The string of 10 recent Tibetan self-immolations – six monks, three former monks, and a nun – is unprecedented in modern Tibetan history. 

Exile Tibetans stand on the roof of a Tibetan refugee camp and hold placards written in what they said is their own blood urging G20 leaders to raise the issue of rights violation and crackdown on monasteries in Tibet, during a protest in Katmandu, Nepal, Wednesday. Exile Tibetans held a protest against China and to honor Tibetans who have immolated themselves since March in a restive Tibetan area of western China.

Niranjan Shrestha/AP


"They're doing it because they want freedom," said the man, a livestock trader who asked that his name not be used because of safety concerns.

He paused before adding, "Because we want freedom."

Since March, according to rights groups, 10 Tibetan Buddhist clergy have set themselves on fire in China's western Sichuan province. Almost all those have come in or around the town of Aba, 50 miles as the crow flies to the west of Hongyuan, amid mountain ranges at the edge of the Tibetan plateau where yaks graze and prayer flags inscribed with mantras and blessings flap in the wind.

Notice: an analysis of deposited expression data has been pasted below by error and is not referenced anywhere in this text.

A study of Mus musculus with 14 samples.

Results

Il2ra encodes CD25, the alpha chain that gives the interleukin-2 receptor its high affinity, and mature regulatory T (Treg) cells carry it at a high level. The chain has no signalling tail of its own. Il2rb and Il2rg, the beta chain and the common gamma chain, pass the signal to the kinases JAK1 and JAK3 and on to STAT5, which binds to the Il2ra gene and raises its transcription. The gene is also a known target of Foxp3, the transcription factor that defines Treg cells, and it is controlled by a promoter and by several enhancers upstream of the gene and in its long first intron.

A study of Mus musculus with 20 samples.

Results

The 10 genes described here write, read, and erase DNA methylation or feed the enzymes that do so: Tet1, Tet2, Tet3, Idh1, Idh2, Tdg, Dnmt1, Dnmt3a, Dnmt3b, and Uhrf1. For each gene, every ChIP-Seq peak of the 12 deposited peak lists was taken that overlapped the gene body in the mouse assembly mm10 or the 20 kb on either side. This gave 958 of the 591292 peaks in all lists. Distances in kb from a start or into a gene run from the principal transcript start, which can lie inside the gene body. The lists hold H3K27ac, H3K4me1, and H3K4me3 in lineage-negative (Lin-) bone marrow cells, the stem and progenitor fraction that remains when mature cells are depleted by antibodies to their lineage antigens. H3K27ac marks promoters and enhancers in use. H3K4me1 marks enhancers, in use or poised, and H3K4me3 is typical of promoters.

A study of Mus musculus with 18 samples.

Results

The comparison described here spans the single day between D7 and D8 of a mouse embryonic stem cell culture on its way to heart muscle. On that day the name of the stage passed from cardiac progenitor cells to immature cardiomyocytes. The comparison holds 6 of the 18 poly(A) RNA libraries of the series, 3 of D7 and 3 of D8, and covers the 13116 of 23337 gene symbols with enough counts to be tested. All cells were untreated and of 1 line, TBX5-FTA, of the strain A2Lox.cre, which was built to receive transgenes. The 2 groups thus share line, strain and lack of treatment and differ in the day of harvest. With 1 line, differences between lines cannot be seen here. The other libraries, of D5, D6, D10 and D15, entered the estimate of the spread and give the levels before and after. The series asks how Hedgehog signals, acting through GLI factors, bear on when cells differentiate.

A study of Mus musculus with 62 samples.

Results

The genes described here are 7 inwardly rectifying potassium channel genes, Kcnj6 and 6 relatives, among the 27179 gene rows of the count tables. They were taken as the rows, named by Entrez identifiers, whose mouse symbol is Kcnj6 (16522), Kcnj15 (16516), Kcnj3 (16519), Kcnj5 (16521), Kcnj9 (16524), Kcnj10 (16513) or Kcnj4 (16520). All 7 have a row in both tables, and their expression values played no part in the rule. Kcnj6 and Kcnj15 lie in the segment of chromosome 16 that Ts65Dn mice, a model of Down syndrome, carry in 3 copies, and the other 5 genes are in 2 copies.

At least five reportedly have died in the fiery exclamations of Tibetan complaint about restrictions on their culture and religion and the continued exile of their spiritual leader, the Dalai Lama.

The chain of self-immolations – comprising six monks, three former monks and a nun – is unprecedented in modern Tibetan history. The most recent occurred Oct. 25.

Tough response

The response so far by the Chinese Communist Party has been to knuckle down even more. Towns surrounding Aba are stacked with police. Internet access is shut off in many spots. Those suspected of sympathizing closely with activist monks are said to have disappeared.